When looking at aircraft for purchase online, a lot of acronyms are used. In particular, the SMOH and SFOH acronyms are thrown around a lot for used aircraft. What are the differences between these acronyms, and what are their purpose for a potential airplane buyer?
With many airplanes the longevity of the engine is a major factor in the price of the aircraft. Piston aircraft engines are generally good for 2000 hours of operation before they need to be overhauled, which is almost always painfully expensive. The more life left on the engine the higher the value of the airplane. SMOH and SFOH both have to do with the time since the engine was overhauled, both are in hours:
A factory overhaul means that the engine was sent back to the manufacturer for its overhaul, where a major overhaul could be done by anyone. In general factory overhauls are consistently good whereas non-factory overhauls vary more in quality. Factory overhauls are more expensive as a result.
If you see an airplane that has 300 hours since overhaul then there's plenty of life left, if you see one that has 1700 hours on the clock you know you are going to have to fork out a lot of cash much sooner, but you can get the airplane much cheaper.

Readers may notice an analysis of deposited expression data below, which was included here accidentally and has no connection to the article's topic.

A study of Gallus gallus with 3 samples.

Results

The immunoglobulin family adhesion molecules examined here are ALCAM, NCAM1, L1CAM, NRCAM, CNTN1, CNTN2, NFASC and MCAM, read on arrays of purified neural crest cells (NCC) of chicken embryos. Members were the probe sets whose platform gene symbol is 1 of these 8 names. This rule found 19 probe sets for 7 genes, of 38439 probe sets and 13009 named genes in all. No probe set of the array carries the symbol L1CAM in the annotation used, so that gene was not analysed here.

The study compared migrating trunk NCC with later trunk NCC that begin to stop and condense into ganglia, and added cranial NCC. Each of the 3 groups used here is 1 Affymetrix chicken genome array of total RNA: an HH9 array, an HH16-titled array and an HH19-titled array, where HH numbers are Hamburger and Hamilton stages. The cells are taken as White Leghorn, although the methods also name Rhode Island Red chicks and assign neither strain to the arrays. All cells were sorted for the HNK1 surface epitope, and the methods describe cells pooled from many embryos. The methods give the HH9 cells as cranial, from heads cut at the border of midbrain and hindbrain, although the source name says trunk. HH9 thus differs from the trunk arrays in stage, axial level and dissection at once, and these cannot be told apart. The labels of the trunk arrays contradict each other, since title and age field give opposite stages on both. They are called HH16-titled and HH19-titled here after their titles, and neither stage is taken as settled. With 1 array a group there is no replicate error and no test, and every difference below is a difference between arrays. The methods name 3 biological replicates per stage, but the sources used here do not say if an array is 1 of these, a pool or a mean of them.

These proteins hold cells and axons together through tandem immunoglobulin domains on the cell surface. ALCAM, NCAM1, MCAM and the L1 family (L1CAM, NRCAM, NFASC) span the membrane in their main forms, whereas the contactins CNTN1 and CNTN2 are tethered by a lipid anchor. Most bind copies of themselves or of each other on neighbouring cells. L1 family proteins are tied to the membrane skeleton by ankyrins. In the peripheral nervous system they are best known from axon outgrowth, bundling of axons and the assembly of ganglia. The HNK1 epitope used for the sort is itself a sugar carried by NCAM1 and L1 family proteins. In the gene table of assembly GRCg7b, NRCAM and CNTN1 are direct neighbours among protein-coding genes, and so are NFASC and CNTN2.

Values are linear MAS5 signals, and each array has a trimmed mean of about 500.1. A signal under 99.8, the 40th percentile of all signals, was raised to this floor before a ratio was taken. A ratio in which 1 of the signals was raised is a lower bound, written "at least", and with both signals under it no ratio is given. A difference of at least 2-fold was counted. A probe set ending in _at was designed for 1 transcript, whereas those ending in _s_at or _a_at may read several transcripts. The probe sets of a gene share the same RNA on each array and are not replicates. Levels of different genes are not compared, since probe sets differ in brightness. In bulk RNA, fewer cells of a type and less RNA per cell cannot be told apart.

Another acronym you may see is SPOH, that is Since Prop Overhaul. Variable pitch propellers also have mandatory servicing requirements, and although less expensive it's still not cheap, so a factor in the cost of the airplane.
The life of an aircraft engine is measured in hours of operation since some major service was done to it. When looking at ads for planes there are three regulatory terms that you'll see in engine descriptions:
You will sometimes see another term - "since top overhaul" (STOP or STOH), but this one is not actually defined in the regulations. Generally it means a shop removed and replaced all the cylinders (the "top end"), but did not open the crank case and thus may not have inspected the "bottom end" (crankshaft, camshaft, bearings, etc.)
There is no difference between a "factory" overhaul and someone else's "major" overhaul - at least according to the regulations: The standards for what constitutes an overhaul are the same. What is different is who you talk to if the engine breaks (for a factory overhaul you would go back to the factory, for an overhaul by an engine shop you would go to the shop, and for one by your local mechanic you would go talk to the mechanic).
If you're looking at a plane which has had an engine overhaul (the vast majority of the used piston GA fleet) you should pay attention to where it was done and the reputation of the overhauler, but given two engines, one overhauled at the Lycoming factory and the other at a reputable shop like Penn Yan Aero, they would generally be considered equivalent.